We hope you are enjoying the British summer, we have certainly enjoyed the three sunny days of it. A few summer updates:
There has definitely been a lot going on in the art world of London in the past couple of months. June has started with the opening of Summer Exhibition at the Royal Academy of Arts, where our very own Oliver Dunsch has an artwork exhibited, which you can find in the photography section.
End of June celebrated the opening of Tate Modern’s Switch House, from the viewing platform of which we have spotted a blue Stik canvas.
Have you ever wondered how the pieces that you see in the galleries come together, and what tools and techniques do the artists use in order to achieve the effect that they want to see on the piece?
In this blog post we want to give you a little more insight into the creative process of the artists that we represent.
You may have seen his piece Rhythm (Incredible Sound) at our summer pop-up exhibition RHYTHM this June. Ed Ball uses a drip technique that was also used by Jackson Pollock in order to achieve a think layer of contrasting colours in his abstract piece. Some of his previous artwork creations have been performed in front of live audiences. Ed has documented the creation of this particular piece, Rhythm, in his blog post.
As the music started building I was firmly in the zone, then all hell broke loose with the music, and consequently my painting! I think it was when ‘Spacefunk’ by Digital dropped, I just remember going berserk! It was a total outpouring of primitive expression. I was being swept along with the savagely reconstructed amen break, thudding base, and that trance inducing high pitched monotone echo cutting through the mix. Now, now I was the music, it was leading me, throwing me around with its power, like a ship in a stormy sea. I’m just holding on and riding it out with controlled adrenalin and exhilaration, I was now painting without thought or fear! This is where I had dreamt of being, and it was happening to me for the first time, it was the perfect storm.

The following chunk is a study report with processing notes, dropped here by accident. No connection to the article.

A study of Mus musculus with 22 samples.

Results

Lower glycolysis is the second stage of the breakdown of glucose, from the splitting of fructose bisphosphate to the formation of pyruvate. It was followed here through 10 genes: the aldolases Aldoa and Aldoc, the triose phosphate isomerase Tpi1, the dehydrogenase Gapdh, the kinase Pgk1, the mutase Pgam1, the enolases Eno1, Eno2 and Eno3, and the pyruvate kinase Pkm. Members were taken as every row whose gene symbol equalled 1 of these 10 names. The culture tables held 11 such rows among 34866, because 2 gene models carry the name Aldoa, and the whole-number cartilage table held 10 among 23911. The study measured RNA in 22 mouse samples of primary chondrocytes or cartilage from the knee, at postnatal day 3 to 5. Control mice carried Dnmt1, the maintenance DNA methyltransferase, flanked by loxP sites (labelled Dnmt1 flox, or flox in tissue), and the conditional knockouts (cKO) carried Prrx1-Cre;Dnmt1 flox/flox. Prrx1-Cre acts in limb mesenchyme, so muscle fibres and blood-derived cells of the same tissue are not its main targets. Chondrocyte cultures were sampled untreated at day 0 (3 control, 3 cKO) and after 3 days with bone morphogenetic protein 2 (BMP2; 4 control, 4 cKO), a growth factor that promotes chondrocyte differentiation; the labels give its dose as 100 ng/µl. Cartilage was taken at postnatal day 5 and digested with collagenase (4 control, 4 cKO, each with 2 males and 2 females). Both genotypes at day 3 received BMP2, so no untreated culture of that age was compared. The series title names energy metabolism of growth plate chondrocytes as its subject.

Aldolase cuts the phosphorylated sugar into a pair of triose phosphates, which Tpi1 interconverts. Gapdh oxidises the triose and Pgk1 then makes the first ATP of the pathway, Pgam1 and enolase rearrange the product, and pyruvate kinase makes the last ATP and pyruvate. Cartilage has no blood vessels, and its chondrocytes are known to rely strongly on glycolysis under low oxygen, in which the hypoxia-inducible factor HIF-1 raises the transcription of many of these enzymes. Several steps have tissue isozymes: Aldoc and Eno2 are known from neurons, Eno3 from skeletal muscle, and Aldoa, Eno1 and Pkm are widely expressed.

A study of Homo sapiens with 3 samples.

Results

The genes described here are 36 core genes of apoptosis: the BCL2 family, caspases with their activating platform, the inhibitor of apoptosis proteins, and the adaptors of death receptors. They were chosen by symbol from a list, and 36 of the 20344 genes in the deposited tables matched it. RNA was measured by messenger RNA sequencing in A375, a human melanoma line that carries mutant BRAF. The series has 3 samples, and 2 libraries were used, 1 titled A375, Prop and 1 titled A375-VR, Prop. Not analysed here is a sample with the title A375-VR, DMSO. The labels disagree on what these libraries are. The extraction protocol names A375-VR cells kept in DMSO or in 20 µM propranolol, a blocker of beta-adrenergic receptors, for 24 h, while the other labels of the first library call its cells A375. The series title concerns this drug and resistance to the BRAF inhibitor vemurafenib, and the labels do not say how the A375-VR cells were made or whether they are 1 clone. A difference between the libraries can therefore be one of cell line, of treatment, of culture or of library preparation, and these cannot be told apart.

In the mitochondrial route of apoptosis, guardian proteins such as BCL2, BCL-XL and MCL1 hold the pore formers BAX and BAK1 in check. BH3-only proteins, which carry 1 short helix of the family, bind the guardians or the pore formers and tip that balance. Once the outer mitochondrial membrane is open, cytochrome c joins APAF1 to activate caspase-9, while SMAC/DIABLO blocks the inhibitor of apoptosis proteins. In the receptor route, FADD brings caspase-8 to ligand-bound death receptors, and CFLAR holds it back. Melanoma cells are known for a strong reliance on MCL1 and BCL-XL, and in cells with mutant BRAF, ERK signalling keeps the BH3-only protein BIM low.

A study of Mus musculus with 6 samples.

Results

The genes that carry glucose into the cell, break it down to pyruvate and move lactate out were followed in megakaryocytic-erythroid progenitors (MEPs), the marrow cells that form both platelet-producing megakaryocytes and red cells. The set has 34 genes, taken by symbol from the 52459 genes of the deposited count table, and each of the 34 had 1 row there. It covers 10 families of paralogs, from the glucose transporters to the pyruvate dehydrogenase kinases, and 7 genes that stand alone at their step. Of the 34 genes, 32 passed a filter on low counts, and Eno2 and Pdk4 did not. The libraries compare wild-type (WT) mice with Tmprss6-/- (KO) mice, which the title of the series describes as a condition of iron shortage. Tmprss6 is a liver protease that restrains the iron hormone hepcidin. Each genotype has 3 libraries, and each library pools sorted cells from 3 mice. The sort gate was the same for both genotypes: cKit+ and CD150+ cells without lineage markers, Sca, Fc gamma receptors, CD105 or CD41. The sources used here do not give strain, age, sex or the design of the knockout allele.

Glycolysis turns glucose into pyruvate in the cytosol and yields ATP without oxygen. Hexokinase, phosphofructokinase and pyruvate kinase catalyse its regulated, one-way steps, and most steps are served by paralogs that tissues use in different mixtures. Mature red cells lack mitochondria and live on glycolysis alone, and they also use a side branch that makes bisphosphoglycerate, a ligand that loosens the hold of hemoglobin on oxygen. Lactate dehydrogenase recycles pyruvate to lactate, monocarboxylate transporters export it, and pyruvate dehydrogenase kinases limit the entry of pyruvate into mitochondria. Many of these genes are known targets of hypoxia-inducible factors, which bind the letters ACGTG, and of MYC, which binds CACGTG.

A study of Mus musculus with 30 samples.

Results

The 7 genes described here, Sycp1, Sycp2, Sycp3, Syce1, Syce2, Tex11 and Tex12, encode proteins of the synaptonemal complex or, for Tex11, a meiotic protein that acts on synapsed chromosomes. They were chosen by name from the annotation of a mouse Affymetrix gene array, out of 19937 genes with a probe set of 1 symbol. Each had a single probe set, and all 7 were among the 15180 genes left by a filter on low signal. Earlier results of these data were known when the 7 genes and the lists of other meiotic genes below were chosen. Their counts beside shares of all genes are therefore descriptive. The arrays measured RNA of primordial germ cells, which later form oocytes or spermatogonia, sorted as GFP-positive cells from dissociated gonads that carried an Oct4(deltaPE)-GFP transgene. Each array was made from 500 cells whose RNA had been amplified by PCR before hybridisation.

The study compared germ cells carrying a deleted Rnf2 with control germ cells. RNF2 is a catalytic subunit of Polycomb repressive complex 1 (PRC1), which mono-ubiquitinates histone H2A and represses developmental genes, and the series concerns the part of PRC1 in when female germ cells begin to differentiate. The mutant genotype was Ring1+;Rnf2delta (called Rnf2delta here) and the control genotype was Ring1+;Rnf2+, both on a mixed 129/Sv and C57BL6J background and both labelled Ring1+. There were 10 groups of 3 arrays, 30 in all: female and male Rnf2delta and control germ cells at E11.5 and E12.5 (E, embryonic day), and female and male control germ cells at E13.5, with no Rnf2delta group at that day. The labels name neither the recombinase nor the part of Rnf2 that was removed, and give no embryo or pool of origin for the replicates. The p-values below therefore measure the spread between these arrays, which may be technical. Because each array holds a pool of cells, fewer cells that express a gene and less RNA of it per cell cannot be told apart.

Lukas Avalon, Monegasque street artist based in Monaco, has recently joined the cast of British reality TV show Made in Chelsea, and has documented the creation of a piece in video, where he is helped by his fellow cast members Francis Boulle and Alex Mytton. The background in his work is usually achieved through graffiti-like spraying of paint, and on top of that Lukas adds his own stencils.
Hollywood’s favourite photographer (GQ) Tyler Shields, luckily for us, has exhaustingly documented the creation of his photography series on video. From shooting with alligators, to shooting underwater, to blowing up a Rolls Royce in a desert, Tyler isn’t afraid to go to extremes to get that perfect shot. You can find more videos on his YouTube profile.
Paul Oz, the explosive portrait artist, has been a guest of many F1 races, being a huge fan of the sport. His artworks are often inspired by his personal obsessions (and sometimes commissioned by the likes of Kanye West), and he has numerously live painted during the races to raise money for charities. Paul’s paintings are exceptional for having a very thick layer of paint, sometimes adding up to a thickness of 2 cm – a visual effect that gives the artwork a heavier and more noted presence, spectacularly highlighting every little detail.
New York street artist See One‘s self-taught technique is inspired by comic books, Japanese animation and the colourful graffiti of the late 80s and 90s. He shares the adventures of his original character, a mischievous mythical dragon Miru, through the walls of New York and Instagram.